This is Luna di Formaggio; we just call him Formaggio. It looks like Formaggio has found some cheese on the Moon’s surface.
You may be thinking: “How did cheese get outside the biodomes?” or “A mouse couldn’t possibly live outside the biodome on the surface of the Moon; it’s too cold and there is no oxygen!”
If you were thinking either of these things you are demonstrating one of the main contentions of our book: focusing on the small details detracts from the larger questions.
In surveying the scene perhaps one needs to focus on the larger issues like:
Inevitably some member of Congress will slip an earmark for $200,000 or $500,000 into the Cheese Factories program budget to study and eradicate Moon rodents. The research, no doubt, will be done at some local university in the member’s district.
Watchdog groups like Taxpayers for Common Sense or Citizens Against Government Waste will scream bloody murder: “How much to study Moon-mice?!” CAGW might even give the member of Congress one of their “Porker of the Month” awards. The story will draw a chuckle on CNN or FOX news, and prompt public outrage.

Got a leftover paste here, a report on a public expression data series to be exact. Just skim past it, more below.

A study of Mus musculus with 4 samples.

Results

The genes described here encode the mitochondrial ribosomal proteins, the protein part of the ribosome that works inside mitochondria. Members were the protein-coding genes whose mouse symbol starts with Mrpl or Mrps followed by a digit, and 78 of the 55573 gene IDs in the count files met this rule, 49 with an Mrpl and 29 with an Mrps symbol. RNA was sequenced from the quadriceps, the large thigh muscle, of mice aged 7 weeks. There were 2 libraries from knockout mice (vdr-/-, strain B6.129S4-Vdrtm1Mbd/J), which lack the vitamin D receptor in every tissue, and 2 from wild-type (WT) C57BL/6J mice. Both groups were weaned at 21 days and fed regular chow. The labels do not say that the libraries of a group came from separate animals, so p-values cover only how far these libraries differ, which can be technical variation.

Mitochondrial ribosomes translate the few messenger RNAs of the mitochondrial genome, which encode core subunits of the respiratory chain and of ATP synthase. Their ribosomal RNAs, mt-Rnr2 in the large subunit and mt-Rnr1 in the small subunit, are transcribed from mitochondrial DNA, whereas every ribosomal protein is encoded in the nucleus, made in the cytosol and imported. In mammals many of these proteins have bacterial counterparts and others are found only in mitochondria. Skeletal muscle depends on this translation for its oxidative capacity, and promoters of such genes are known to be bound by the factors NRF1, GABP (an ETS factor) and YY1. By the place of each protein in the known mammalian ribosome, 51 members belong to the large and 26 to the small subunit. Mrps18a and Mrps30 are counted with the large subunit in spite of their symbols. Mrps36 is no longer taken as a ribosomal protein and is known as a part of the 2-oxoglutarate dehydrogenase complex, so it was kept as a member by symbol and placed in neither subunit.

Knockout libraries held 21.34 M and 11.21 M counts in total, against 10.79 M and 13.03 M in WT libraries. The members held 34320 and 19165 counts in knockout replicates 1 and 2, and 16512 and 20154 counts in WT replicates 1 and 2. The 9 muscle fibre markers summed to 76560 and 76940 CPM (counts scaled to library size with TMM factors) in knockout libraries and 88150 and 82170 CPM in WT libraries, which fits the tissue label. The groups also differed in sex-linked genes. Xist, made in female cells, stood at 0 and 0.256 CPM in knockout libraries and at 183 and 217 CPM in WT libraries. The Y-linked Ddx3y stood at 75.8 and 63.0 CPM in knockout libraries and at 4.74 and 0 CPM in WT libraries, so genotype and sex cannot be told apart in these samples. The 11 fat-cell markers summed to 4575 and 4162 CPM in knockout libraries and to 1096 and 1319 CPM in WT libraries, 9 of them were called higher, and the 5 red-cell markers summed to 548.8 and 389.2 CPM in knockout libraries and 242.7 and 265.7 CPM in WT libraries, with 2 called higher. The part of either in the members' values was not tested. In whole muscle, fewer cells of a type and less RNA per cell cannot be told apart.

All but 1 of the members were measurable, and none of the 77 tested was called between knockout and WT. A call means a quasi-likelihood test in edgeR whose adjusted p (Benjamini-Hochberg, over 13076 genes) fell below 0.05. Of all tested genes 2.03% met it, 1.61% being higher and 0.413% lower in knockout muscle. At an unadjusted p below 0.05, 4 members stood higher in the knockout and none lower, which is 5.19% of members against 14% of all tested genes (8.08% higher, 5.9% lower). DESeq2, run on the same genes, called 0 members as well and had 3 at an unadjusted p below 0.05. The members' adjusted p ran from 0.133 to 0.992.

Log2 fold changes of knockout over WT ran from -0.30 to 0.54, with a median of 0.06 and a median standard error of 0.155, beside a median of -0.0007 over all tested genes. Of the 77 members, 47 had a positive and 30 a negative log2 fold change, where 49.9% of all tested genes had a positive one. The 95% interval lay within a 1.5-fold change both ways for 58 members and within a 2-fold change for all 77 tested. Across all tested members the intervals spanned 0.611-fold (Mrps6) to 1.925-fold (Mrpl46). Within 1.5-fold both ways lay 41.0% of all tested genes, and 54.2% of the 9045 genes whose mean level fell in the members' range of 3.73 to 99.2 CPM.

All of the objections, however, detract from the larger questions. Is this a worthy project, building cheese factories on the Moon? How many billions (trillions?) of dollars did this cost? What priorities were ignored to pursue the cheese factories initiative?
Obsessive attention to earmarks—small amounts of funding for local and state constituencies—is a failure on the part of watchdog groups and the media. Do not be distracted by the small details. It is important to keep one’s focus on the larger, and more important, issues.